Reviewed: The Strange Case Of Dr Jekyll And Mr Hyde

Published: 19 Oct 2012 12:300 comments

From the expertly crafted set to the actors' near-seamless movement between characters and the pitch-perfect music, Hull Truck's production of The Strange Case of Dr Jekyll And Mr Hyde is a stunning piece of theatre.


Director Nick Lane's adaptation of Robert Louis Stevenson's classic novella tells the dark tale of an oddball scientist, Dr Jekyll, played by James Weaver, who is working to 'split the mind' in order to cure all manner of Victorian mental health complaints. As the gothic tale unfolds and the doctor - in a desperate move to push his research forward - begins experimenting on himself, it emerges that Dr Jekyll has unleashed the very darkest corners of his consciousness, over which he is swiftly losing control.

Weaver's performance is utterly compelling, his transformations convincing, chilling and moving in equal measure, and his fellow cast members John Gully, and Joanna Miller are strong in multiple and changing roles. The shared narration is a clever device, with the characters often remaining onstage, not a full part of the action but adding extra layers with a glance, a subtle sound effect (the hissing of Jekyll trapped inside Hyde's head?), or change of pose.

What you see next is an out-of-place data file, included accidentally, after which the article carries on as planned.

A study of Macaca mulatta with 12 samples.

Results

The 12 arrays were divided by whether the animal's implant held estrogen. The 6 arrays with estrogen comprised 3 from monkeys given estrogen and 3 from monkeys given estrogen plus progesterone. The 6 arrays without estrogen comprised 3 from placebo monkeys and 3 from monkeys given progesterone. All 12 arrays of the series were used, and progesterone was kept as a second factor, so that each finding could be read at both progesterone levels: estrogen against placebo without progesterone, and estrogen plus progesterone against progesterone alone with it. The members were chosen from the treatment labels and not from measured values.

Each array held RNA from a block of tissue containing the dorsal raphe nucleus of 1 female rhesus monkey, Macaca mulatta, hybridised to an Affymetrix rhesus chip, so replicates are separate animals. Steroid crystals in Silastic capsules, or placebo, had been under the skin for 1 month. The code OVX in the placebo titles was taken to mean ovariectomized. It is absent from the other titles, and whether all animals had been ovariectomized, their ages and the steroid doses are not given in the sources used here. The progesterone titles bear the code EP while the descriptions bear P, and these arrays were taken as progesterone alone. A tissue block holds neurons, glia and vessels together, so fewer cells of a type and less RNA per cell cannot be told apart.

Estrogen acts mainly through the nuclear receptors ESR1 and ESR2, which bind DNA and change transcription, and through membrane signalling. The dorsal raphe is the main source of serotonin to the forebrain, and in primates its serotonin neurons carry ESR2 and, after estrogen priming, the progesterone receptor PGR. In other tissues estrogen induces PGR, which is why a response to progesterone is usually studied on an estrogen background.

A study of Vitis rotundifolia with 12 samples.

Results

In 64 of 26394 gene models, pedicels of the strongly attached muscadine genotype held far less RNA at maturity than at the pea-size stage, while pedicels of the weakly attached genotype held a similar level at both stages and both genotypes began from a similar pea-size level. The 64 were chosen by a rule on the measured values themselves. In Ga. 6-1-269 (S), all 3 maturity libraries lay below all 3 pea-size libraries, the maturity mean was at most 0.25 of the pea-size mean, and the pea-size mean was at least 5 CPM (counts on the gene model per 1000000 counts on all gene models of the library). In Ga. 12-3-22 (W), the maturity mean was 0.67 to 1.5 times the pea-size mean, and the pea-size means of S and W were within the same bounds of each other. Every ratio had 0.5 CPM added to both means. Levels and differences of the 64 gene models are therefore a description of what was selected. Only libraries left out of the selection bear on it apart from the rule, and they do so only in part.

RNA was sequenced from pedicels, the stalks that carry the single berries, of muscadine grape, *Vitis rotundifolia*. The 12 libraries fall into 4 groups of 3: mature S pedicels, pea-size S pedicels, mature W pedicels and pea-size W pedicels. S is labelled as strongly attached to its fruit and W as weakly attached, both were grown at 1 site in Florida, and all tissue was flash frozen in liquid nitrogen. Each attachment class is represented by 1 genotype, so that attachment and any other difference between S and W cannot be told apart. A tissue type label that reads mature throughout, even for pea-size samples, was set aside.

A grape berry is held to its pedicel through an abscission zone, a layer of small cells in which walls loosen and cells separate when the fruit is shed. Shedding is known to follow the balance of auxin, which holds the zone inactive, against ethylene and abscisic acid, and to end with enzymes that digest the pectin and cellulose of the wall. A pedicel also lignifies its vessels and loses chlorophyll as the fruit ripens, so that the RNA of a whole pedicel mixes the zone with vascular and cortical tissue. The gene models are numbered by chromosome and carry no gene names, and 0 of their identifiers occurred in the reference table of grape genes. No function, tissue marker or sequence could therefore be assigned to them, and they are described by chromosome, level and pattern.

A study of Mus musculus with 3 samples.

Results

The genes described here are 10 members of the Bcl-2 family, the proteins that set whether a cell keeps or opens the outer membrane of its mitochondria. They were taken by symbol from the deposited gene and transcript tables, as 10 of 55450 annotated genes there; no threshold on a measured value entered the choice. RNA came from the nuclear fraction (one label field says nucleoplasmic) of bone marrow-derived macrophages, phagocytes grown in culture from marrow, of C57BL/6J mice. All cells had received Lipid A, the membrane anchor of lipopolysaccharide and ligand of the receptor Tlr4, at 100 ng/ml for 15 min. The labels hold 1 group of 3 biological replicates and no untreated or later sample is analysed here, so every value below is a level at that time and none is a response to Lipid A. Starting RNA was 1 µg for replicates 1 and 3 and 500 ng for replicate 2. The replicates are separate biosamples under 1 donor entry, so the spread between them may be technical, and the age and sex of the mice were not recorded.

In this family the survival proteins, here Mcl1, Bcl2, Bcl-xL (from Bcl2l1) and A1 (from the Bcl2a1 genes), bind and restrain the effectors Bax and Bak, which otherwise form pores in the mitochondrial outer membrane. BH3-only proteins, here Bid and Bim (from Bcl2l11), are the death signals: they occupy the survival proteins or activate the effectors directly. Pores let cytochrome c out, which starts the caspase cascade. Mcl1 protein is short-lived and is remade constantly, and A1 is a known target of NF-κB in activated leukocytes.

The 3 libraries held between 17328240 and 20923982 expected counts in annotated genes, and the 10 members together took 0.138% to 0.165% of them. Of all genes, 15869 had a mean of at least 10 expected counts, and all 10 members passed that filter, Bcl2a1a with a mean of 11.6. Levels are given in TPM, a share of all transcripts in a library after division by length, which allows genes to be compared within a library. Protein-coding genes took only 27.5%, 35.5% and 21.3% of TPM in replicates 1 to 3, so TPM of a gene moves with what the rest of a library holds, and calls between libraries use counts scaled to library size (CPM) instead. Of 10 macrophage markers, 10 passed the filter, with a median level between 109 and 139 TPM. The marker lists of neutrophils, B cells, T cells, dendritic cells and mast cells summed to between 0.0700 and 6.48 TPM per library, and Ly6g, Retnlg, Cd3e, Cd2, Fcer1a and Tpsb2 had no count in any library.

A standout scene is one where the hellish Dr Jekyll inflicts an horrific beating on an old man with his walking stick, acted in a slow motion sequence which is as shocking as it is exquisitely measured. As the lights go down before the interval, the last thing we glimpse is Hyde's face, contorted in a silent yet blood-curdling yell, chilling us to the bone.

As well as being a powerful piece of theatre, the production leaves us with a lot to ponder, from how far ethics must be strained for the sake of scientific progress and what madness truly is, to whether - as Hyde spits at lawyer Utterson - the hedonistic, violence-fuelled, morally-bankrupt figure he cuts really is the future of mankind.